Larium or Mefloquine and Babesia Treatment
Larium is the brand name of Mefloquine, and two other brand names are Mephaquin or Mefliam) It was developed in the 1970s at the USA department of Defense, Walter Reed. It is a synthetic drug related to quinine. The brand name drug, Larium, is now gone and in the USA it is made by generic manufacturers.
I am not going to discuss its use to prevent and treat malaria. My investigation shows virtually nothing is published on the effectiveness of Larium against Babesia. Does it slow Babesia growth? Does it inhibit reproduction? Does it kill Babesia? And if it does any of these things, what dose is required?
Simply, we do not know. Based on my experience of inherited treatment failures, I believe Larium does not kill Babesia on typical doses. I am not sure how much Babesia inhibition exists, so I do not suggest it as a major option.
It may be of use to note that Larium is supposed to be taken much longer then Malarone (atovaquone/proguinil) before entering an area with malaria.
Mefloquine is useful for the prevention of malaria in all areas except for those where parasites may have resistance to multiple drugs. It is typically taken for one to two weeks before entering an area with malaria. Doxycycline and atovaquone/proguanil or Malarone provide protection within one to two days and may be better tolerated.
If a person becomes ill with malaria despite prevention with mefloquine, the use of halofantrine and quinine for treatment may be ineffective.
Larium should never be used in those with a seizure disorder in the past or who have a past psychiatric history. My impression is psychiatric effects are profoundly under-reported, and when I ask the right questions, psychiatric disorders are increased found with Larium. However, it is important to remember psychiatric symptoms can be caused by Bartonella, Babesia and Lyme disease. So some psychiatric troubles can be both this medication and these other infections-Bartonella, Babesia and Lyme disease.
The out of date FDA product guide states it can cause "mental health problems," including anxiety, hallucinations, depression, unusual behavior, and suicidal ideations, etc. At least about 15% of users report side effects that limit functioning. Such as dizziness, headaches, insomnia Mefloquine may cause abnormalities with heart rhythms which are detectable on EKGs.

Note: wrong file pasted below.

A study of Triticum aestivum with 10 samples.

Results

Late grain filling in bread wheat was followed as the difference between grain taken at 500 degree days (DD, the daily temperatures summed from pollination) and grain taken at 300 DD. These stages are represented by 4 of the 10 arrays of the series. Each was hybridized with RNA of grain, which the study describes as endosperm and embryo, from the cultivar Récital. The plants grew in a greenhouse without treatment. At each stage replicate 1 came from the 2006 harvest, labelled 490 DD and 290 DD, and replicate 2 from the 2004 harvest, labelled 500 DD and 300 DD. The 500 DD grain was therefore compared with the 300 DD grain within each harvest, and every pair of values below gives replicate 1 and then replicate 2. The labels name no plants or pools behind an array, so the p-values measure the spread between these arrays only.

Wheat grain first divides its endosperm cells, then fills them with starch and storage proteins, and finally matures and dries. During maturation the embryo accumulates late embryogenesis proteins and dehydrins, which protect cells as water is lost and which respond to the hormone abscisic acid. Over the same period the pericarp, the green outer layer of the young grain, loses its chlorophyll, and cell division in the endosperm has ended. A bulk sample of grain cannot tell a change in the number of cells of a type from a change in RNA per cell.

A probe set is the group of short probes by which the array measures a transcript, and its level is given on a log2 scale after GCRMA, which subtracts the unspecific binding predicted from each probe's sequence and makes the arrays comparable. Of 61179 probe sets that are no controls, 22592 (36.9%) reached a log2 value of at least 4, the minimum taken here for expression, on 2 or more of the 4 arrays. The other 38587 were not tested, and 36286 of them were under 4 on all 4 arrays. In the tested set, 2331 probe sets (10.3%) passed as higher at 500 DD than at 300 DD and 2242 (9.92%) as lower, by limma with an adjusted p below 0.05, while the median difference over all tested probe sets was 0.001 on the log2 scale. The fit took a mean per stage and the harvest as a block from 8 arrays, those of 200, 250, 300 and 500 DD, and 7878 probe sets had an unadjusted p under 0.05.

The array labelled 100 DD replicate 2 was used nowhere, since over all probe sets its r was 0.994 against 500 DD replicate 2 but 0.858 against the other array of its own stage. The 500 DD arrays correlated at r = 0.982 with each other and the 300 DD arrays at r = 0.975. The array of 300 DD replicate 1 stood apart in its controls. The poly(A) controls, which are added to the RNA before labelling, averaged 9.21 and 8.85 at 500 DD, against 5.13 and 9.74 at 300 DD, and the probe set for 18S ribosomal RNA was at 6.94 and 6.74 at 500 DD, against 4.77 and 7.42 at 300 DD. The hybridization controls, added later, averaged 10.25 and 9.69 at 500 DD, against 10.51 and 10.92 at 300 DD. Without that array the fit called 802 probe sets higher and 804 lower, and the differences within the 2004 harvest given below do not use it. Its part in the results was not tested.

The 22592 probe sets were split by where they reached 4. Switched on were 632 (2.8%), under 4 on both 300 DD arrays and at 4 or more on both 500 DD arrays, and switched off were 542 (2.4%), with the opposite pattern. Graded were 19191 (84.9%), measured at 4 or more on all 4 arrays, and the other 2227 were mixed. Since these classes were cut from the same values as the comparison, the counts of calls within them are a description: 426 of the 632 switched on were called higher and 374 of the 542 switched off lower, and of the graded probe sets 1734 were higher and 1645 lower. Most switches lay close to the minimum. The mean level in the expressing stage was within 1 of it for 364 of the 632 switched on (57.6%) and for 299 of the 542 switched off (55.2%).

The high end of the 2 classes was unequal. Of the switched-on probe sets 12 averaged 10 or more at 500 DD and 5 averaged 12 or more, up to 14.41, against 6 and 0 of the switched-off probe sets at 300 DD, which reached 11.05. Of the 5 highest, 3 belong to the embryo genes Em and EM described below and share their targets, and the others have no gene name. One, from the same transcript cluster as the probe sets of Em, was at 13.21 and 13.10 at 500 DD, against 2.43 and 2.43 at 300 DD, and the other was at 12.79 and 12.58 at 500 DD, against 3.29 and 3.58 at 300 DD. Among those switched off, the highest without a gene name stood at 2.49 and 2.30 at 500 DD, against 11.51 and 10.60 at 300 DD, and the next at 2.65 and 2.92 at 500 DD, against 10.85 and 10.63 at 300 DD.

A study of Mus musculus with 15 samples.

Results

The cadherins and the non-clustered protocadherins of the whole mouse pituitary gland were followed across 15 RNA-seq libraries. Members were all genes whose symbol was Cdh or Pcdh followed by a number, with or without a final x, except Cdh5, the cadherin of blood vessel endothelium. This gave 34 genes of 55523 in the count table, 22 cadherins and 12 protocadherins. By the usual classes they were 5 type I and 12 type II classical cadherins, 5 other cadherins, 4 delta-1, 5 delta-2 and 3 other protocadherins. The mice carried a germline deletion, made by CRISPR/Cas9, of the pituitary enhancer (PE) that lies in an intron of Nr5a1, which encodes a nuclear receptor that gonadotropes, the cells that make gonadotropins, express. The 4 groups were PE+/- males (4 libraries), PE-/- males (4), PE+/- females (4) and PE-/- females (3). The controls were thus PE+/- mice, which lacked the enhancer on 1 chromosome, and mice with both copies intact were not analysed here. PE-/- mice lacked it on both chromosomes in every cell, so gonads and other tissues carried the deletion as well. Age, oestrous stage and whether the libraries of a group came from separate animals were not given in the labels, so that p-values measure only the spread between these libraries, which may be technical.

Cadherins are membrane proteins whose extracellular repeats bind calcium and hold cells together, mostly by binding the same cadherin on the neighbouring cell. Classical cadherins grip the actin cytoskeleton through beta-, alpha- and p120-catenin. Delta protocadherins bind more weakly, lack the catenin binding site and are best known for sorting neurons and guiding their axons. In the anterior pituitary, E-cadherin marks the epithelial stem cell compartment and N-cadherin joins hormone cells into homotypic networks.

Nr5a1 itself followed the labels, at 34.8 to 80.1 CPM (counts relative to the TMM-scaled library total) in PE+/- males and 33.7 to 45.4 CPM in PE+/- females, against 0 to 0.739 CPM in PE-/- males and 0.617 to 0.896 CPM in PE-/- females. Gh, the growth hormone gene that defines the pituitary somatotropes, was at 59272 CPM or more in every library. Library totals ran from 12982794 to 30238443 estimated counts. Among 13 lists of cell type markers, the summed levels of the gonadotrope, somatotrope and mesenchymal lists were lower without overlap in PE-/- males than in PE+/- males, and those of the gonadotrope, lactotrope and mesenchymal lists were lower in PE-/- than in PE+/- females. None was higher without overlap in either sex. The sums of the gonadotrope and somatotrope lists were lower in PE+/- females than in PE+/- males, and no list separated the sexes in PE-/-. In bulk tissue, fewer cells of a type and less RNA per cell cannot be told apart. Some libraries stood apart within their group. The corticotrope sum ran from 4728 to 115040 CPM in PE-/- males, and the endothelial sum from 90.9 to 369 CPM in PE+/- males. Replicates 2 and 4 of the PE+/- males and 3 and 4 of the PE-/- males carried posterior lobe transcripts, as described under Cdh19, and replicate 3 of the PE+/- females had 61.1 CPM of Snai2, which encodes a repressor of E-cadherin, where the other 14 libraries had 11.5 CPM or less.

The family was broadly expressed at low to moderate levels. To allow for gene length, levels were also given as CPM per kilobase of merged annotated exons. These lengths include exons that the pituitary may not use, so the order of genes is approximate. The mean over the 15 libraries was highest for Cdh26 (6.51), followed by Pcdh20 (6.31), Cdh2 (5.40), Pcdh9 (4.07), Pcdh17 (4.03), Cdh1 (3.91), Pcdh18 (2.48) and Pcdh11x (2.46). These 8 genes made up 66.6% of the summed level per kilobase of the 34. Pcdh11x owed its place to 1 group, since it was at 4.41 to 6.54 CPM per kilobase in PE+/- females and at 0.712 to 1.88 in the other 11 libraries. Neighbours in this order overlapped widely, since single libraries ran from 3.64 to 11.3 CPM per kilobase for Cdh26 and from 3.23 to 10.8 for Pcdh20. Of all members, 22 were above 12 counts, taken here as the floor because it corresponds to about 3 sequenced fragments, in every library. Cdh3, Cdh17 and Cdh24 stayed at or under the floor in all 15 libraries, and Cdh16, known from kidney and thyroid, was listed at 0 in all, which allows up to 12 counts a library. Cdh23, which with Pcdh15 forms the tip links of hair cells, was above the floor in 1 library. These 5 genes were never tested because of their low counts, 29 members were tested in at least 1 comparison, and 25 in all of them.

The QTc interval should be watched, especially if this drug is added to others that can impact heart rhythms.
Mefloquine is metabolized primarily through the liver with a ½ life is typically two to four weeks. However, like other Babesia medications, stopping the drug may drop effect and side effects quickly, despite this long half-life.
Liver function tests should be performed during long-term administration of Mefloquine. Alcohol use should be avoided during treatment with Mefloquine. Mefloquine is two drugs in one — the (–)-enantiomer and the (+)-enantiomer… Some research suggests the (+) — is more effective in treating malaria, and the (–)-causes neurology and psychiatry troubles.
Mefloquine was invented at Walter Reed Army Institute of Research (WRAIR) in the 1970s shortly after the end of the Vietnam War. Mefloquine was one of literally ¼ million antimalarial compounds screened during the study. Walter Reed transferred all clinical trial data to Hoffman LaRoche and Smith Kline, and FDA approval was swift.
So fast that phase III safety and tolerability trials were skipped.
The Centers for Disease Control also weighed in and originally recommended a mefloquine dosage of 250 mg every two weeks; however, this caused an unacceptably high malaria rate in the Peace Corps volunteers who participated in the approval study, so the drug regimen was switched to once a week.
In 2001 a randomized, controlled trial was finally done, and about 65% had at least one serious adverse event. In 2002 there were murder/suicides at Ft. Bragg. There, four soldiers were accused of murdering their wives; two of these soldiers committed suicide. Their actions, as well as other military suicides, have been linked to Larium use.
Studies in the 1990s and early 2000s demonstrated mefloquine's neurotoxicity and significant ability to cause psychiatry and neurology adverse events.
The 2012 CDC travel yellow book removed mefloquine as its first line prevention medication.
In conclusion, I do not see any reason to use this medication for Babesia since we have more and more options for treatment.